Iran and a six-nation negotiating group reached a landmark agreement known as the Joint Comprehensive Plan of Action in July 2015. It ended 12 years of deadlock over Tehran’s nuclear program. Struck in Vienna after nearly two years of intensive talks, the deal limited the Iranian program to reassure the rest of the world that it would be unable to develop nuclear weapons, in return for sanctions relief.
At its core, the JCPOA is a straightforward bargain. Iran’s acceptance of strict limits on its nuclear program in return for an escape from the sanctions that grew up around its economy over a decade prior to the accord. Under the deal, Iran unplugged two-thirds of its centrifuges, shipped out 98% of its enriched uranium and filled its plutonium production reactor with concrete.
Tehran also accepted extensive monitoring by the International Atomic Energy Agency (IAEA), which has verified 10 times since the agreement, and as recently as February, that Tehran has complied with its terms. In return, all nuclear-related sanctions were lifted in January 2016, reconnecting Iran to global markets.
Which countries are involved?
The six major powers involved in the nuclear talks with Iran were in a group known as the P5+1: the UN security council’s five permanent members – China, France, Russia, the UK and the US – and Germany. The nuclear deal is also enshrined in a UN security council resolution that incorporated it into international law. The 15 members of the council at the time unanimously endorsed the agreement.
Why did Donald Trump scrap it?
Trump believes the agreement is a bad deal, which falls short of addressing Iran’s regional behavior or its missile program. He is emboldened by a group of Iran hawks in his inner circle, such as the national security adviser, John Bolton, and the secretary of state, Mike Pompeo.
Critics also say it is another example of Trump dismantling Barack Obama’s legacy – the Iran deal was his signature foreign policy achievement.
Why do others want to save it?
Except for the US, all other P5+1 negotiating partners want to keep the agreement. In the words of Boris Johnson, the UK foreign secretary, who has visited Washington DC to lobby Trump not to scuttle the agreement, “of all the options we have for ensuring that Iran never gets a nuclear weapon, this pact offers the fewest disadvantages”.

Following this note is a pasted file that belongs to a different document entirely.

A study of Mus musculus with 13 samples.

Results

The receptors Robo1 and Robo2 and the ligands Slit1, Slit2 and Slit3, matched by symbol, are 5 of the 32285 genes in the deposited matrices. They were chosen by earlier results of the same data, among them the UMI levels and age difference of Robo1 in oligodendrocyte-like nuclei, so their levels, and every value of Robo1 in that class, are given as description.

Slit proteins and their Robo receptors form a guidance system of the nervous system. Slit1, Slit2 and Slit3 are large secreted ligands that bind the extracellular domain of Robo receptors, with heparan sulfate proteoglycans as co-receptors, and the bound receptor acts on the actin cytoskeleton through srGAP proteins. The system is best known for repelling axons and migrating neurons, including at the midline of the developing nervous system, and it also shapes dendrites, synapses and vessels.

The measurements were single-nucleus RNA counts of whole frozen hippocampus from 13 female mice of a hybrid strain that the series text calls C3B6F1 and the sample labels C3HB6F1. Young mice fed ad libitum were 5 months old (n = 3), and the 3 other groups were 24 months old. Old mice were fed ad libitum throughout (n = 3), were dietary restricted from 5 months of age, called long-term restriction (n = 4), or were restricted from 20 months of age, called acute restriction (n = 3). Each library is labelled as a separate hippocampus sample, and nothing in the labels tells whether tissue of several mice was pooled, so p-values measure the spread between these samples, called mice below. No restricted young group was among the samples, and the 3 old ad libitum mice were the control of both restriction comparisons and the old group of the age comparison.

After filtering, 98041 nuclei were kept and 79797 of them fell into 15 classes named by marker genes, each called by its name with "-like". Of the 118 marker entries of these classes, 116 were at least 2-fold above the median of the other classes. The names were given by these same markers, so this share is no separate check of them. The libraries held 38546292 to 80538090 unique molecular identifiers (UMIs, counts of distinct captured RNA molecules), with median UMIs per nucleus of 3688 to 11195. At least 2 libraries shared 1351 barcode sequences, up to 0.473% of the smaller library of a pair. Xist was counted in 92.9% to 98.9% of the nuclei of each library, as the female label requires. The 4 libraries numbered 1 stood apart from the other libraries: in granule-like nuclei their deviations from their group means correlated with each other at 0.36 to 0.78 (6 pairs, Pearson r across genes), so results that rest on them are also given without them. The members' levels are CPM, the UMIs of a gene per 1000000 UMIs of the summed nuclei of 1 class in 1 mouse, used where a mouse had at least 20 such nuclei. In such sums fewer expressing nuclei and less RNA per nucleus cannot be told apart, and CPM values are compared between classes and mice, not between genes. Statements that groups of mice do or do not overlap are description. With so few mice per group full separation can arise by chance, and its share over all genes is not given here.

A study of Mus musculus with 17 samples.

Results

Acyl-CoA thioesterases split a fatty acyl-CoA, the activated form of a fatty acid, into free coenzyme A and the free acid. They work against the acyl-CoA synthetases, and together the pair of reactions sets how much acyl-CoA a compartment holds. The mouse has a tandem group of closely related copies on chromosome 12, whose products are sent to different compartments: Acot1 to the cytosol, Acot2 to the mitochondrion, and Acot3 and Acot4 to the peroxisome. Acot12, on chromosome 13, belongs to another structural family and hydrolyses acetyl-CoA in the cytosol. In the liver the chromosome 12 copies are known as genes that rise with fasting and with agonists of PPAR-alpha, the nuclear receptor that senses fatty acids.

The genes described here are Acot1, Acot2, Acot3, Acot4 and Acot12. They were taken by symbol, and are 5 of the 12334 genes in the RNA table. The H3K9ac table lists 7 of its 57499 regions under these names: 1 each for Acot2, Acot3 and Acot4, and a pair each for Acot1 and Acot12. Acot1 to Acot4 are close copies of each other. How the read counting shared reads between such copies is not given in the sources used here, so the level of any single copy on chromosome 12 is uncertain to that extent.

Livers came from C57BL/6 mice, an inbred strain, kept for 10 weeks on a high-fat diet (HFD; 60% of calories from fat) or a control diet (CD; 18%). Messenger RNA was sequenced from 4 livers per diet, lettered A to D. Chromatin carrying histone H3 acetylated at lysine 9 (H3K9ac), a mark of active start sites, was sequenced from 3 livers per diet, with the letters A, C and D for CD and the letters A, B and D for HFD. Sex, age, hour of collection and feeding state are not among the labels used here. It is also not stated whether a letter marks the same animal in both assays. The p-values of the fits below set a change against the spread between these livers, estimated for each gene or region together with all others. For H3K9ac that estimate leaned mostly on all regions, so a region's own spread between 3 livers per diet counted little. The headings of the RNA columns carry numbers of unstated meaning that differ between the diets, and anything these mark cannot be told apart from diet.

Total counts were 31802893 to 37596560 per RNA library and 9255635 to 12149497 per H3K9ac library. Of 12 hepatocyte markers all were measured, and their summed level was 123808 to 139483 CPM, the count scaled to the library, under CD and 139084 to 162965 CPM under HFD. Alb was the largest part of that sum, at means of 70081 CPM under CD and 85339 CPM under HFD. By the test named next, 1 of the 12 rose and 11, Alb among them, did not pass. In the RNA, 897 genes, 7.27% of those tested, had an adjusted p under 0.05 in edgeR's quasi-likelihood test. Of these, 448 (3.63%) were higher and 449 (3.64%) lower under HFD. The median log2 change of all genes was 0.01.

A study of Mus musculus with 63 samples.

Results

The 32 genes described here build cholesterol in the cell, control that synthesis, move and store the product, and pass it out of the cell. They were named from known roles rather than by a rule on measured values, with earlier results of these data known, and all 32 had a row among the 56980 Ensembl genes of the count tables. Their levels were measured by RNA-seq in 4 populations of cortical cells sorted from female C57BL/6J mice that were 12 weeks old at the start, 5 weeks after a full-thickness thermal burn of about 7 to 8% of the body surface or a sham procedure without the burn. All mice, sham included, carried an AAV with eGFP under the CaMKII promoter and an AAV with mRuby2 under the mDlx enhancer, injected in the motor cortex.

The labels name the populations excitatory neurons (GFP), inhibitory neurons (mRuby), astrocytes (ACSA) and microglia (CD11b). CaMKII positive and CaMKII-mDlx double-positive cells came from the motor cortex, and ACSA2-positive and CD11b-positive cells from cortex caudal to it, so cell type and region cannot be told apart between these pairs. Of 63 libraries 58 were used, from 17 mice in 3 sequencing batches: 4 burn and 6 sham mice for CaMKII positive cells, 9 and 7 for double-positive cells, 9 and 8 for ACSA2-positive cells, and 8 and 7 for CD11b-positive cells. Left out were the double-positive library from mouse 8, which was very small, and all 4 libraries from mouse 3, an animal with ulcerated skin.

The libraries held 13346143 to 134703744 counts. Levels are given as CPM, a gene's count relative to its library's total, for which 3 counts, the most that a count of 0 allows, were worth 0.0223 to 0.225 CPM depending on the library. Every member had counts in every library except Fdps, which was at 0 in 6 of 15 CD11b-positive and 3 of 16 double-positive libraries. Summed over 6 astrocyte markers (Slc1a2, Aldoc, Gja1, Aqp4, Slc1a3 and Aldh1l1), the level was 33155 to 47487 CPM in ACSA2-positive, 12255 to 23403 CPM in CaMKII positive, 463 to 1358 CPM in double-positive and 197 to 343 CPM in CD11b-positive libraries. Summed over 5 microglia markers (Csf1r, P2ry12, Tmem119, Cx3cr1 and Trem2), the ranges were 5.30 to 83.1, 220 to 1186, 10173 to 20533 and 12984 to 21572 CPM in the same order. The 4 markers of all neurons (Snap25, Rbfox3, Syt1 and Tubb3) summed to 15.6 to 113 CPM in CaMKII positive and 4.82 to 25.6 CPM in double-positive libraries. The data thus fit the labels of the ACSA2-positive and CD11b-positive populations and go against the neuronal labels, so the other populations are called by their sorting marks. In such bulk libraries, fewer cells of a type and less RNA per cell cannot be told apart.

After the Israeli prime minister, Benjamin Netanyahu, unveiled a cache of documents that he claimed showed Iran was cheating on the agreement, European countries pushed back against this, saying the documents underlined the importance of keeping it.
In a statement at the White House, Trump said this decision meant that the US would “exit the Iran deal” agreed with other major powers in 2015, and warned that “any nation that helps Iran in its quest for nuclear weapons could be strongly sanctioned.”
He then signed an executive order reimposing sanctions on any foreign company that continues to do business with Iran.
The leaders of the UK, France and Germany, who are also parties to the agreement known as the Joint Comprehensive Plan of Action or JCPOA, issued a statement soon after Trump’s declaration expressing their “regret and concern” and emphazising their “continuing commitment” to the deal.
“We urge the US to ensure that the structures of the JCPOA can remain intact, and to avoid taking action which obstructs its full implementation by all other parties to the deal,” the statement said.
Iran’s president, Hassan Rouhani, said he believed the agreement could still survive if other negotiating partners defied Trump.
But Rouhani warned that he has instructed the country’s atomic energy agency to prepare to restart enrichment of uranium at an industrial level in a few weeks’ time should the deal collapse completely.
“This is a psychological war, we won’t allow Trump to win. I’m happy that the pesky being has left the [agreement],” the Iranian president said.
In his White House remarks, Trump called the Iran agreement “a horrible one-sided deal that should never, ever have been made.” He said: “It didn’t bring calm, it didn’t bring peace, and it never will.”
Barack Obama, whose administration negotiated the deal, described Trump’s violation of the agreement as “a serious mistake.”
“Without the JCPOA, the United States could eventually be left with a losing choice between a nuclear-armed Iran or another war in the Middle East,” Obama said in statement.
Trump’s unilateral and dramatic withdrawal is likely to raise tensions rapidly in the Middle East, already inflamed by conflicts in Syria, Iraq and Yemen.
The JCPOA, agreed in Vienna in 2015, led to a rapid and drastic reduction in Iran’s nuclear program. It reduced its stockpile of low-enriched uranium by 98% to just 300lbs, far below what would be required if it attempted to make enough fissile material for a single bomb.
Iran also took down about 13,000 of its centrifuges, leaving just over 5,000 of its oldest-model machines in place. It ceased all enrichment at its underground facility at Fordow, which – like other Iranian nuclear sites – was put under continuous international monitoring by the International Atomic Energy Agency (IAEA). The IAEA had repeatedly confirmed that that Iran was in compliance with the restriction it had agreed to in 2015.
Karim Sadjadpour, a senior fellow at the Carnegie Endowment for International Peace, warned: “By withdrawing from the JCPOA, Trump hastens the possibility of three disparate but similarly cataclysmic events: an Iranian war, an Iranian bomb, or the implosion of the Iranian regime.”
“Iran looms large over major US national security concerns including Syria, Iraq, Afghanistan, cyber, energy security, terrorism, & obviously nuclear proliferation,” Sadjadpour said in a tweet. “The opportunities for direct conflict are numerous.”